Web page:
Three groups have slammed the Airport Authority’s plan to construct a transfer terminal and a private bridge connecting Hong Kong International Airport with the Hong Kong-Zhuhai-Macao Bridge. They say the desired effect could be achieved with another proposal for a tenth of the cost.

The proposed construction project, with an estimated price tag of HK$3 billion, is intended to allow travellers entering Hong Kong via the Hong Kong-Zhuhai-Macao Bridge to skip customs and enter the airport’s restricted area directly. It involves building a new five-storey terminal and a “private bridge” connecting the two locations.

Michael Mo speaking at the press conference. Photo: In-Media.

Green Sense, Airport Development Concern Network and the Professional Commons said at a press conference on Wednesday that a similar proposal which requires no construction work would only require HK$300 million. They criticised the Airport Authority for proposing a “white elephant.”

Alternative plan

Citing official materials previously released by the authorities, the groups said that – during the planning stages – transport routes and entry points had already been planned for the port – passengers could easily be connected by coaches. A private bridge was “completely unnecessary,” they said.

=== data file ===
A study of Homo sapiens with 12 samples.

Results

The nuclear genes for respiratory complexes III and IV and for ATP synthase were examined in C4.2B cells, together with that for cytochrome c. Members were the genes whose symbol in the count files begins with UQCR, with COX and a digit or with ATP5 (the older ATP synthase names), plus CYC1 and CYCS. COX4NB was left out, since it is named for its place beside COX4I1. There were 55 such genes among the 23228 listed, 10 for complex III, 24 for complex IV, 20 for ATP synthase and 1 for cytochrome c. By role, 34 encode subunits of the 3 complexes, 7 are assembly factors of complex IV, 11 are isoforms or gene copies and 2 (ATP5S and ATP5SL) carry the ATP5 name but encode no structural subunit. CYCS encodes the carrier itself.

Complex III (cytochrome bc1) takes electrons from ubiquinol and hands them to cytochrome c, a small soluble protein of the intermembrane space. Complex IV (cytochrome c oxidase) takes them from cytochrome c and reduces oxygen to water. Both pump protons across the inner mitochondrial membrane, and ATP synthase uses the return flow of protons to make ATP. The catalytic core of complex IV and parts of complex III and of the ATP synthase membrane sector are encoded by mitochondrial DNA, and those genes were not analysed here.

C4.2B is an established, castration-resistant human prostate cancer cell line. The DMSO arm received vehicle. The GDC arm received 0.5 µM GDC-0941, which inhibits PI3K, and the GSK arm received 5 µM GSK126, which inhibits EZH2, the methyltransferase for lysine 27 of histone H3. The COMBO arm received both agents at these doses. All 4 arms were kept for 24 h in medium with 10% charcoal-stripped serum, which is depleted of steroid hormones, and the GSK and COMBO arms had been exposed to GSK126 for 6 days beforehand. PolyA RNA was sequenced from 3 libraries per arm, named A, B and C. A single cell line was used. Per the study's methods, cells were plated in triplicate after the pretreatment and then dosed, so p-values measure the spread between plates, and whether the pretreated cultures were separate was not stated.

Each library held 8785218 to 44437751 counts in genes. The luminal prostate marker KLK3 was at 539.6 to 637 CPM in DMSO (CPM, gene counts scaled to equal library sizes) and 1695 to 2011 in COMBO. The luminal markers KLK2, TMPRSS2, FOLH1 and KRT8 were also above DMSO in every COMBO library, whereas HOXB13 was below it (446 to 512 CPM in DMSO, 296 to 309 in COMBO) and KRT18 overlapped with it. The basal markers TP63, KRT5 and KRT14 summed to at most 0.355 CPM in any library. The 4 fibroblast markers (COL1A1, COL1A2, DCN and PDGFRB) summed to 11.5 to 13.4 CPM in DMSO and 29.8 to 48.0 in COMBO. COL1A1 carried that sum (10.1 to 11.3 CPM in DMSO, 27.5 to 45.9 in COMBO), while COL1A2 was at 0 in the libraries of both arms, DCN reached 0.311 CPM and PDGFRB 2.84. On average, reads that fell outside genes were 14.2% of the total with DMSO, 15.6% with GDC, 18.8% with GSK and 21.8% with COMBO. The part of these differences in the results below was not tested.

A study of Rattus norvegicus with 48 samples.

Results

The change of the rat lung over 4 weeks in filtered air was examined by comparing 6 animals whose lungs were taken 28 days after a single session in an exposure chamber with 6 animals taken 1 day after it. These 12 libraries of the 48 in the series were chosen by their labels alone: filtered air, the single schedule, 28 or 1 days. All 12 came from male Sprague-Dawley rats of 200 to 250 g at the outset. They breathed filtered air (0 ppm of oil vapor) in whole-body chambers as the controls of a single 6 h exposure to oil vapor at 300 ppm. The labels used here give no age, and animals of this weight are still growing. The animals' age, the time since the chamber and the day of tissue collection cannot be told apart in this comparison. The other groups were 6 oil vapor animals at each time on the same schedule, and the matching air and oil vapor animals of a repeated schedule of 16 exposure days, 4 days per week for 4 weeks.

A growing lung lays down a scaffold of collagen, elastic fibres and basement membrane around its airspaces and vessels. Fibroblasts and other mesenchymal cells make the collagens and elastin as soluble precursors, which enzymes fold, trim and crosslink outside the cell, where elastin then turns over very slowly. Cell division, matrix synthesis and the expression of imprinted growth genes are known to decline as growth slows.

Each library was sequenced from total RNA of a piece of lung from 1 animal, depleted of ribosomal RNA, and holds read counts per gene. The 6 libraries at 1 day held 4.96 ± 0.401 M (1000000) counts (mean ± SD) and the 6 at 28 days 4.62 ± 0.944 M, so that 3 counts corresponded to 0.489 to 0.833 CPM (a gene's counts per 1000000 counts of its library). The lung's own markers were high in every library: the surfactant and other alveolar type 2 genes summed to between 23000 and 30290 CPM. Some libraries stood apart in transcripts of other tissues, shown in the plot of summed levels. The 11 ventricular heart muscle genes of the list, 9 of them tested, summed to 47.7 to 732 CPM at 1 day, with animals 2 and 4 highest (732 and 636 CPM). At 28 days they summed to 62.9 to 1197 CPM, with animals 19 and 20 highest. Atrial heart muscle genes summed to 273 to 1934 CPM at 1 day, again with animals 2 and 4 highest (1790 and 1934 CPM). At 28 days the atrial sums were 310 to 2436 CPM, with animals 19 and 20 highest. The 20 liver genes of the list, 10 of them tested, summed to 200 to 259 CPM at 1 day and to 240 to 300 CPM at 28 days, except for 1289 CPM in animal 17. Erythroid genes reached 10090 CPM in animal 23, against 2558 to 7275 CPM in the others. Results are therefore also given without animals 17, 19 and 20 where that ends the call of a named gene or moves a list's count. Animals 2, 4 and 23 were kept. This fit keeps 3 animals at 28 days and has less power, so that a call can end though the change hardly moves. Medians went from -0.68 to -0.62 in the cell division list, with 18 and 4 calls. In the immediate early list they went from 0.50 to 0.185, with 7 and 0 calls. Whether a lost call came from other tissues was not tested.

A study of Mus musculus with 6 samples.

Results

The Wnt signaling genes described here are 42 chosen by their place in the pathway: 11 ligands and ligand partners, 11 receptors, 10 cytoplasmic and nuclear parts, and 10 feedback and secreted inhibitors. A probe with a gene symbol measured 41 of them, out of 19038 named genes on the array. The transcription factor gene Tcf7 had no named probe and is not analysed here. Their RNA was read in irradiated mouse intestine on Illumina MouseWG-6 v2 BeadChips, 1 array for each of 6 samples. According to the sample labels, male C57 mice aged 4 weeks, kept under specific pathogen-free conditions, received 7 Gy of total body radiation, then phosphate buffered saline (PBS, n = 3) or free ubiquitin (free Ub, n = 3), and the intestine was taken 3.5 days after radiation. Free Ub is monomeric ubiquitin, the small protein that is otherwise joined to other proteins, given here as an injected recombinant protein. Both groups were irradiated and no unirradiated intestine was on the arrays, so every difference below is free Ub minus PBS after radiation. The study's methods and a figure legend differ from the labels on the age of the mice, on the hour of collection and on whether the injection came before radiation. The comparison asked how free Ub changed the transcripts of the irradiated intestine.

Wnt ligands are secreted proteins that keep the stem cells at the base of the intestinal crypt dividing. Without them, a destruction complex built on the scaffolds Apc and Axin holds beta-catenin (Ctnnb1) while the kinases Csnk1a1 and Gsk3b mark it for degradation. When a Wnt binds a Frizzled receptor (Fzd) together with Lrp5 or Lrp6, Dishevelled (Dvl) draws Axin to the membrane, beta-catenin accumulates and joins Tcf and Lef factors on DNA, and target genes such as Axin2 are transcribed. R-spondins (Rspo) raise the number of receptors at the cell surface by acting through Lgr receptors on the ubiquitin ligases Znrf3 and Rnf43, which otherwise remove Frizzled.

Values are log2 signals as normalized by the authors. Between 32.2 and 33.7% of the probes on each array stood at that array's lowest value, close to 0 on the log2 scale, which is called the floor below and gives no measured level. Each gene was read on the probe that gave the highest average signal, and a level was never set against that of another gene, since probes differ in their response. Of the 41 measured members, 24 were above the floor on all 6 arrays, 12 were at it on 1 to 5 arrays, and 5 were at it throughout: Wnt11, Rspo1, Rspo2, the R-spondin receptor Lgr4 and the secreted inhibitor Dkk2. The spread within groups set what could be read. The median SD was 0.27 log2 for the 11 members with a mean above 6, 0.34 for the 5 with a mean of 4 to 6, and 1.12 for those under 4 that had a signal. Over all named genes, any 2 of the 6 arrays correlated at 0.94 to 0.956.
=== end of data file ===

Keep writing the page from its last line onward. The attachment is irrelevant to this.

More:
Airport Development Concern Network spokesperson Michael Mo said that if the Airport Authority and the Immigration Department are able to coordinate with each other and the security of the coaches is strengthened, travellers could be transported from the port of the bridge to the restricted area at the airport’s SkyPier.

Photo: Green Sense.

Professional Commons member Albert Lai said that this proposal, which utilises an existing public road rather than a new private bridge, will result in an extra travel time of one minute: “In terms of the time cost to the traveller, it is negligible.”

Green Sense spokesperson Roy Tam criticised the Airport Authority for wasting public resources, saying, “On the one hand the Airport Authority is collecting airport construction fees from travellers, and on the other hand it is [spending extravagantly] and engaging in unnecessary construction projects – it’s ridiculous.”

Karen is a journalist and writer covering politics and legal affairs in Hong Kong for HKFP. She has also written features on human rights, public space, regional legal developments, social and grassroots activism, and arts & culture. She is a BA and LLB graduate from the University of Hong Kong.